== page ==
Live's interface is a single-window affair, clear and uncluttered despite its depth. The market for audio recording software is vast, ranging from GarageBand to Pro Tools, with a lot of stuff in between. Now in its seventh iteration, Ableton Live started as a tool designed primarily for—surprise—live performances, but over the years, has morphed into a popular tool for studio and recording work as well. Ableton Live 7 is not revolutionary but evolutionary. With this latest version, Live has matured into a well-rounded, integrated environment with extensive automation and a unique approach to the musical process.
Choose Music > Pop-H when you're rocking out to Abba with headphones. Sure, it's easy enough to do, but we were too lazy to change Hear's preset to Hip Hop / Rap-H when the song switched to Akon's Smack That. Even nonaudiophiles can appreciate an app like JoeSoft's Hear, which, for $49.95, boosts the sound quality of your entire digital music library - and any other audio you care to listen to on your Mac. After an admittedly quick look at the app, however, we found ourselves wishing JoeSoft could build in a few more features that cater to lazy mousers like us. To wit: With its dozens of music presets - from Alternative / Punk to Hip Hop/Rap to Techno, all for both speakers and headphones, choosing the one you want quickly is, well, a challenge.
The iPod is not only the best-looking and best-selling music player to date but also a springboard from which dozens of accessories have launched and soared. These products turn your iPod from a mere digital music player into multi-functional tool--that happens to play episodes of Family Guy. Some attachments are so useful that it makes you wonder why Apple didn’t think of it first. In fact, some of these accessories can become so integral to your iPod that it can feel naked without them.
While there are lots of controls for tweaking the sound, you’ll fall in love with Pianoteq by just playing the darn thing. While the digital music world is ruled by gnarly synthesizers, decked-out drum machines, and spacey sound effects, most musicians will tell you that the Holy Grail of software is one that can emulate the good old acoustic piano. Sampled piano instruments typically require sample libraries that eat up between 15 and 30 gigabytes of hard drive space, and are constrained by the limitations of sampling technology. Well, fear not: A group of French geniuses have come up with the ultimate nonsampled piano, and it’s downright luscious.
At just under 4 inches on all sides, the iCube fits nearly anywhere—as long as there’s AC power nearby. Boynq offers the iCube II (and another iPod speaker, the Sabre) in both black-and-chrome “Pour Homme” and lavender-and-white “Pour Femme” versions. While “Pour Femme” is one glitter unicorn sticker away from being “Pour 9-Year-Old Girl,” the black-and-chrome version is attractive enough for a desktop, bedroom, or kitchen.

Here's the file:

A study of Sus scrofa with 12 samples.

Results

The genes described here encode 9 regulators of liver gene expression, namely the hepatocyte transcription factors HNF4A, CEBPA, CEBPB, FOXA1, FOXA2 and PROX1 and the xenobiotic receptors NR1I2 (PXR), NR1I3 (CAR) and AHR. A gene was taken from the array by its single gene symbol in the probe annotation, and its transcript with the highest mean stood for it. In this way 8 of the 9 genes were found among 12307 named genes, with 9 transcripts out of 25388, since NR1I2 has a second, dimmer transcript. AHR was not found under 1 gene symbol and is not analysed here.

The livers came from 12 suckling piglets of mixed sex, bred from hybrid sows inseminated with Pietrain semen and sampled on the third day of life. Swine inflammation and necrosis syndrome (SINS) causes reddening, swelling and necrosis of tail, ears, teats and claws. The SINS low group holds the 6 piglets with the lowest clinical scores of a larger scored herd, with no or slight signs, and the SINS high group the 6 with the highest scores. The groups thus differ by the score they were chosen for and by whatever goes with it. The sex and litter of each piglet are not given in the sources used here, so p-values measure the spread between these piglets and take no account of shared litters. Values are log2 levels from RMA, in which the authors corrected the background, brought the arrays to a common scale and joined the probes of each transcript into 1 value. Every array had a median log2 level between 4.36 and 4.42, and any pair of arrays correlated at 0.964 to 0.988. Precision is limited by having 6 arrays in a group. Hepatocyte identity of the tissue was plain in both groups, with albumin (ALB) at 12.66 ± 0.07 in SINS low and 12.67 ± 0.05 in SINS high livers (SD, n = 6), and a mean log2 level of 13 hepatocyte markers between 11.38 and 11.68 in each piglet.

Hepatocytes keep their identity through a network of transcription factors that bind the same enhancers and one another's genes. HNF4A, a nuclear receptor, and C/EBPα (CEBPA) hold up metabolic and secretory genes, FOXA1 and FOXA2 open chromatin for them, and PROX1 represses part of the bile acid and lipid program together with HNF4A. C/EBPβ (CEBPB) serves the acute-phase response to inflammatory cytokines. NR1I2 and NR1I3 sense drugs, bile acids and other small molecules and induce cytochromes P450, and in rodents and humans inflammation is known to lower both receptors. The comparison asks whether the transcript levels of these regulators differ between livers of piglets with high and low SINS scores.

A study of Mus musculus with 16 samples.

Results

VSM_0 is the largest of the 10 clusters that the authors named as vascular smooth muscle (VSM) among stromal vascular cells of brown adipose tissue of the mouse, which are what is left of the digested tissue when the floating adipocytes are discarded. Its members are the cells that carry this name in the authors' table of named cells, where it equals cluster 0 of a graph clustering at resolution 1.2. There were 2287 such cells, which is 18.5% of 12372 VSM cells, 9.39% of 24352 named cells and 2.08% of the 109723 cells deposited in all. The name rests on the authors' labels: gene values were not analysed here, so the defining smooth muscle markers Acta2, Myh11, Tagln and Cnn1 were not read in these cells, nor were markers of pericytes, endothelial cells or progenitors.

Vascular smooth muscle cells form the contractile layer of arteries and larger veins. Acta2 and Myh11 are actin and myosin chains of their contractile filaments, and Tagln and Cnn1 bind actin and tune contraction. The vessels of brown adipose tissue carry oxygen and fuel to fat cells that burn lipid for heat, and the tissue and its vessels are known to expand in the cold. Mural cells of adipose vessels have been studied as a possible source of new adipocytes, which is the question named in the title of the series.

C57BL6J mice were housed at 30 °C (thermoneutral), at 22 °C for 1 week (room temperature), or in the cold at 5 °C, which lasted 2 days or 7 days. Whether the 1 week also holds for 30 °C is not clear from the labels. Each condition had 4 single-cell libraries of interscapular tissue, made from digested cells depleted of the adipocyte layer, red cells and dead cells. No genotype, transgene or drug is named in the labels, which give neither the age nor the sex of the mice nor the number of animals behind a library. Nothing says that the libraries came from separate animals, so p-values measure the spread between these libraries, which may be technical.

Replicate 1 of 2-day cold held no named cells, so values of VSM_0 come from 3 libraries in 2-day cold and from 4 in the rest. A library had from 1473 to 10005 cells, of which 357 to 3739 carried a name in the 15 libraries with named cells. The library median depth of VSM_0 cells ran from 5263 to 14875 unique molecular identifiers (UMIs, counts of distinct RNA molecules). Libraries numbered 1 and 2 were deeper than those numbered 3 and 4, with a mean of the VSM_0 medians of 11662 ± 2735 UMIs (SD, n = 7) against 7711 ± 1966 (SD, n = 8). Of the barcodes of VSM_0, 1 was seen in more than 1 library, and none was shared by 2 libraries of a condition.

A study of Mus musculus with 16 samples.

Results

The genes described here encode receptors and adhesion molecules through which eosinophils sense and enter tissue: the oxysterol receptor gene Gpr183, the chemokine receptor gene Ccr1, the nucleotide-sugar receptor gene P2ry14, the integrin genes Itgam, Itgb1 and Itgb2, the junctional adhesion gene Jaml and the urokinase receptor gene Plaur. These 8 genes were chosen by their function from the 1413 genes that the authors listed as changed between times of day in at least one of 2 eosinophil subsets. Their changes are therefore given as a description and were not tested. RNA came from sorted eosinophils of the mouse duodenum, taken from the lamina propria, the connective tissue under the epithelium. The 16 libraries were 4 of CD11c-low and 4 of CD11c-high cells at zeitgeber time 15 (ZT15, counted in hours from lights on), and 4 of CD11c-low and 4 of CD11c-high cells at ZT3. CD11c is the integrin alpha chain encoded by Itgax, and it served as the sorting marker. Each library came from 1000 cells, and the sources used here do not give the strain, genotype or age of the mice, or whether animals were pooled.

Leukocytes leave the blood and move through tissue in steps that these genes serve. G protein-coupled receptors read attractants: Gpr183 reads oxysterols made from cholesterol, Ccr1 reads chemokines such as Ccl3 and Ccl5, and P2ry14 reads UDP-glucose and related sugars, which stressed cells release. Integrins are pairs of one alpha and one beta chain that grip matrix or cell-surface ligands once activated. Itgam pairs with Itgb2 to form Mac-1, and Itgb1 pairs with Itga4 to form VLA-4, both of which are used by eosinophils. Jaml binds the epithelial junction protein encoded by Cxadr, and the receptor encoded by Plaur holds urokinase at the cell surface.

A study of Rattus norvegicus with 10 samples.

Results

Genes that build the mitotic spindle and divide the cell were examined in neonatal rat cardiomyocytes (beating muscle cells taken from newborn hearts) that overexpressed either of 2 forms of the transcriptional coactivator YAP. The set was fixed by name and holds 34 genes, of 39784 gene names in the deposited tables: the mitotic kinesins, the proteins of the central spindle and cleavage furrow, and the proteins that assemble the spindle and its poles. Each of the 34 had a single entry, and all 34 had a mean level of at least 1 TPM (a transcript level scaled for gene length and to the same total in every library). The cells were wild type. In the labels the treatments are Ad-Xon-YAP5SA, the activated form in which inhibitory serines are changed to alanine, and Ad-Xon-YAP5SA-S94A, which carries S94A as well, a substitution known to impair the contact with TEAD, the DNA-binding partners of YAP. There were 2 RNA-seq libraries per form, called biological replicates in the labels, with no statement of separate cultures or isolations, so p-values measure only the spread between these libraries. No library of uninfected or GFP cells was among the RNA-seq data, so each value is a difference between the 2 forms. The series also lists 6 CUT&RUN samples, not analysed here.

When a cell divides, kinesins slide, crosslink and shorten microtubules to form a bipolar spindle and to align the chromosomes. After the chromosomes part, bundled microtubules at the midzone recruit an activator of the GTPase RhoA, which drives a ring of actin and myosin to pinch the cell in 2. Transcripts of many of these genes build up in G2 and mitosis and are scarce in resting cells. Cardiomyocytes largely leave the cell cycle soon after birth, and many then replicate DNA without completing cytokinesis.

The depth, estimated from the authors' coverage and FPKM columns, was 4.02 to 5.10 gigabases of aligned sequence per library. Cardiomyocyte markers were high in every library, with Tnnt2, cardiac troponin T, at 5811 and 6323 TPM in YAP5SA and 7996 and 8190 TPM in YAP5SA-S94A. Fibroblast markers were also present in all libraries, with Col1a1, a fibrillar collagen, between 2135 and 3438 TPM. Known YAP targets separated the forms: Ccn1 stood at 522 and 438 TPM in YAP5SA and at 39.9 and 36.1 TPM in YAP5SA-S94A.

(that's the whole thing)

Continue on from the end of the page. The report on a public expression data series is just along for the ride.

Groove Agent 3 lets you synch up two different drum modules, for extremely dense and lush rhythms. Anyone who makes—or listens to—music is well aware that, in the end, rhythm is the thing that keeps it all together and makes it gel. If you create your own tunes, you might feel constrained by using existing drum loops, and that’s where Groove Agent enters the picture: It’s a unique software drum machine that incorporates some innovative MIDI and sampled drum technology, and the result is one seriously groovy virtual skin beater.
With a little bit of work, you can create DRM-free versions of your iTunes music. Digital rights management (DRM) prevents a music file from being played by an unauthorized user or player. The recording industry thinks DRM is necessary to stop piracy, but as Steve Jobs put it in his February 6, 2007, public letter titled Thoughts on Music, “DRMs haven’t worked, and may never work, to halt music piracy.” DRM’s restrictions effectively do nothing but annoy the people who bought the music. Since Jobs’s letter, the iTunes Store has gone on to offer DRM-free songs, but the iTunes Store’s DRM-free library, called iTunes Plus, is limited (although always growing). If you already have a DRM’d iTunes song, you can pay 30 cents per song to convert to a DRM-free version—if one is available. Or you can create your own.
During the course of human events, it sometimes becomes necessary to bring the rock—and we cannot bring the rock without the hallowed tools of our trade. So we summon our guitars and amps, our boots and leather, our Pete Townsend windmills and Janis Joplin caterwauls. And now we also enlist our Macs—for they bestow furious powers of transformation upon those who seek rock star greatness. Yes, Macs are even more potent than cowbells. Consider the DIY career stylings of D’arby Rose, singer-guitarist of the As Ifs, a band that most certainly has the coolest name in the entire history of rock, ever. At the gravelly old age of 17, Rose has already produced all the must-have media assets that one would expect of a serious punk-rock frontwoman. She’s got the demo CD. She’s got the music video. She’s got the website with the obligatory music downloads and calendar of live appearances. And she, along with drummer Lily B, created all of this stuff with nothing but a MacBook. And we do mean nothing but a MacBook.